The Redlands Trolley is no longer running
103 years after Mr. Henry Fisher started the Redlands Railway and exactly one century away from the two other lines in Redlands, it returned.
Of-course there were some differences. No tracks, bells or overhead power lines. The new Redlands Trolley had bus-like inflatable rubber tires, and wasn’t restricted to the permanent tracks of a hundred years ago. But the really big difference was that they were powered by compressed natural gas, a clean burning fuel, unlike diesel or gasoline. They were probably even cleaner than the old methane producing horses, and a lot easier to pick up after!
Gary George, city councilman has spearheaded the project. At the “State of the City Luncheon on July 2nd, George proudly announced the September 2nd inaugural run. “We wanted to get the old giant busses of the street, they really don’t fit in our community,” said George.
While busses have been a part of Redlands transportation for years, the old streetcars also had nearly a 40-year run, and is a large part of the history of this fair city.
In 1890’s H.H. Sinclair secured financing from Henry Fisher, both of Redlands to start the Redlands Electric. Together they spearheaded the Mill Creek No. 1, three phase generating plant. This new type of generator had never been attempted before. The primary reason the three-phase generator was necessary, was because a potential customer, the Mentone Ice house, needed better control of their motors. They engaged, a Mr. Decker, a brilliant young engineer who had been working in the Inland Empire on electric projects for Claremont.
Decker designed a new type of generator, which would produce three-phase electricity, which had several qualities that single-phase electricity lacked. Westinghouse turned the contract down, staying that is was impractical, but newly created General Electric believed that it could be built and upon its completion and installation, the Redlands Light and Power company made history by creating the virtual world standard for commercial power systems world wide. The company H. H. Sinclair and Henry Fisher created, would later be merged with a company that became Southern California Edison Electric!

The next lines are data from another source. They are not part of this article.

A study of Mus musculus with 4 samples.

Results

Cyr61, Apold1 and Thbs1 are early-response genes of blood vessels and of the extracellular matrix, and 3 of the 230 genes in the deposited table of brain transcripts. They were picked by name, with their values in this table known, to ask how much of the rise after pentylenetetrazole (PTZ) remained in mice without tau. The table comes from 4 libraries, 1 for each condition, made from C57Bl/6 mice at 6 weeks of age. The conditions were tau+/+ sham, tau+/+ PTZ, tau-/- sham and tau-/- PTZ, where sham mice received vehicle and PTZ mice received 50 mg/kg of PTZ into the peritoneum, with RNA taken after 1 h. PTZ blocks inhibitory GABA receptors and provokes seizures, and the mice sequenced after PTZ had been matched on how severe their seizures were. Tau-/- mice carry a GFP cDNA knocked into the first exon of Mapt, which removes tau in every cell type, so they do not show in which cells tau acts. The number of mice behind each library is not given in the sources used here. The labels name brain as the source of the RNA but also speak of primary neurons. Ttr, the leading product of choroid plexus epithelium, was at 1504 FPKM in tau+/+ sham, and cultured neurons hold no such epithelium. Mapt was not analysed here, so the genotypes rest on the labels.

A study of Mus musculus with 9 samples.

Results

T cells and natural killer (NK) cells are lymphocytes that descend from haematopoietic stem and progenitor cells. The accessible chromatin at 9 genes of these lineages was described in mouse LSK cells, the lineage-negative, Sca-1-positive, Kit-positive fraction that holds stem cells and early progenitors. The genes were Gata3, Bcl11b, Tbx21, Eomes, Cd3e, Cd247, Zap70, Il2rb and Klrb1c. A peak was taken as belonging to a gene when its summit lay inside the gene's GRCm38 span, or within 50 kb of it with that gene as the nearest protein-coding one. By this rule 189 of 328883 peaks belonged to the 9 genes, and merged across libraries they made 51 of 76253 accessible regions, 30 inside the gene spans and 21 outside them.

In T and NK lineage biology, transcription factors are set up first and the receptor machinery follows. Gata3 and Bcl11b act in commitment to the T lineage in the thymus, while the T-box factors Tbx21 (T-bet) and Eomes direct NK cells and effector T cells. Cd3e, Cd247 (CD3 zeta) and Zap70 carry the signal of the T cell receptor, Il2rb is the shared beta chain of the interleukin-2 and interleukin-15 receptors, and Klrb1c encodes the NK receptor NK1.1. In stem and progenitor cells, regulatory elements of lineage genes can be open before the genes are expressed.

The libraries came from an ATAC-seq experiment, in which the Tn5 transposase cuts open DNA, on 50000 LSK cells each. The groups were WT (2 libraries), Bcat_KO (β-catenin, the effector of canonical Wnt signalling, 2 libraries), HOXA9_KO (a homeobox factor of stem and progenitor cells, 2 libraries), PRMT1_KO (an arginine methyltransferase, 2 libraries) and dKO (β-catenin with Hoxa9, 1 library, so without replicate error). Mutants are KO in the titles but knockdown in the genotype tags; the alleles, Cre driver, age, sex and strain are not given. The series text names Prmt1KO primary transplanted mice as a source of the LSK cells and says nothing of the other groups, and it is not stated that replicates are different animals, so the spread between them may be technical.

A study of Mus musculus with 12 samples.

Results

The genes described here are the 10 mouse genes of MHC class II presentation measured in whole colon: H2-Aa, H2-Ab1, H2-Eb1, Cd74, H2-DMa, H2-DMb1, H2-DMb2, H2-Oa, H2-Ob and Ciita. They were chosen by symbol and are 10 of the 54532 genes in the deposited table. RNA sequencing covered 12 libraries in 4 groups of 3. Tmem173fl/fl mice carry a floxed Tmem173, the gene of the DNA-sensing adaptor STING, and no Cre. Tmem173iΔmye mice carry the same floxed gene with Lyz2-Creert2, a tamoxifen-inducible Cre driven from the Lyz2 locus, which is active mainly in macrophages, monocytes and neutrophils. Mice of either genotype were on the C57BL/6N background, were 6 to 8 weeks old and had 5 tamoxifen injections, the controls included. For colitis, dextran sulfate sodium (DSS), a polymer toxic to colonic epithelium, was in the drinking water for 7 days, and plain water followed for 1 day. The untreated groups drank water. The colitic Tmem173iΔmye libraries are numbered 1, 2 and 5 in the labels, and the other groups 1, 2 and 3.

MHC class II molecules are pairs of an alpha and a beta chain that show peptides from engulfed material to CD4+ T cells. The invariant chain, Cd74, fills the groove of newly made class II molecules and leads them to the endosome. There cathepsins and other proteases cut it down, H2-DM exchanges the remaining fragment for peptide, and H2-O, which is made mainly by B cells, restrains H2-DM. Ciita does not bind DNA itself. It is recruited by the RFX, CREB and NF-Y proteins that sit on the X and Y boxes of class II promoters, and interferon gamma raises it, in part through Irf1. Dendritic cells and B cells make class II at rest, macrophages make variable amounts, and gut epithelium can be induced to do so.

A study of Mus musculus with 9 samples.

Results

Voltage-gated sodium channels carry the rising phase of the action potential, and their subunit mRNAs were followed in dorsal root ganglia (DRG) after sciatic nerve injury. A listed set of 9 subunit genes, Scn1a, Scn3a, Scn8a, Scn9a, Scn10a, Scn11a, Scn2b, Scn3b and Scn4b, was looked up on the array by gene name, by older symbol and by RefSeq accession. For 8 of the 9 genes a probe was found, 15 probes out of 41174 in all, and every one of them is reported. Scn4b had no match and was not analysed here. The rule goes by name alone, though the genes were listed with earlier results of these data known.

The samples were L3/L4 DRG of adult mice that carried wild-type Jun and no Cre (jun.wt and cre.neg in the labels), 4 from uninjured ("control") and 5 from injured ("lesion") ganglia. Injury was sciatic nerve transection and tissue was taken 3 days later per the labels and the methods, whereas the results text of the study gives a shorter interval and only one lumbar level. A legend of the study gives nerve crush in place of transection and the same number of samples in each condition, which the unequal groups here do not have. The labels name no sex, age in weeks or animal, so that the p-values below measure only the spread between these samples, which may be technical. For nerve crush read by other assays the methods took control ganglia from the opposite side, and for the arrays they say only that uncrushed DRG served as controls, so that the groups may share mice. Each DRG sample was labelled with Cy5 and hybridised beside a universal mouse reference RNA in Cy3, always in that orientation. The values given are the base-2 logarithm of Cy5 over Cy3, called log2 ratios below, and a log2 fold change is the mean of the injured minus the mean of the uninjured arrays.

With power assured, Fisher started the Redlands Street Railway Company in 1899, (100 years before RedlandsWeb.com!). Two additional lines were started in 1903, The Redlands Central Railway and the San Bernardino Valley Traction Company. These lines were eventually consolidated into other Southern California system owned by Henry Huntington, the Pacific Railway.
The Streetcars of Redlands played a part of its tourism age. Redlands was already a famous town, due mostly because of the high visibility of Canyon Crest (Smiley Heights). For tourists of a century ago, Canyon Crest was a must see destination location much the way Disneyland is today. (I have heard it said that the percentage of tourists who came to Canyon Crest was higher than the percentage of tourists to Disneyland today!) As many as one hundred tourists per day would disembark at the train station in downtown Redlands. They would head down Orange to the “triangle.” The triangle was at Citrus and Orange streets. It can still be recognized today, at the corner in front of the Verizon phone building. This was the locus of activity for the Trolleys in town. The Highland Line went up Cajon to Cypress and on to the Canyon Crest Park entrance. Here private horse drawn Surreys would then drive the park to partake of vegetation unknown to most visitors resident states, and a spectacular 360 degree view of the San Temeteo and San Bernardino Valleys and mountains beyond.
The automobile which was adopted very early in Redlands do to the wealth of many of the residents, eventually reduced the demand for public transportation and the last trolley ceased service in 1936.
Certainly the new Redlands Trolley faces new challenges, its innovation in fuel, does not mean people will ride it. Ironically today many need a lift from their car’s parking lot, to their work or shopping because of too many cars! Weather the new Trolley will be a long or short chapter in our history remains to bee seen, but hats off to Gary George and the city council for trying to help clean the air and give us a look back to the cities golden area.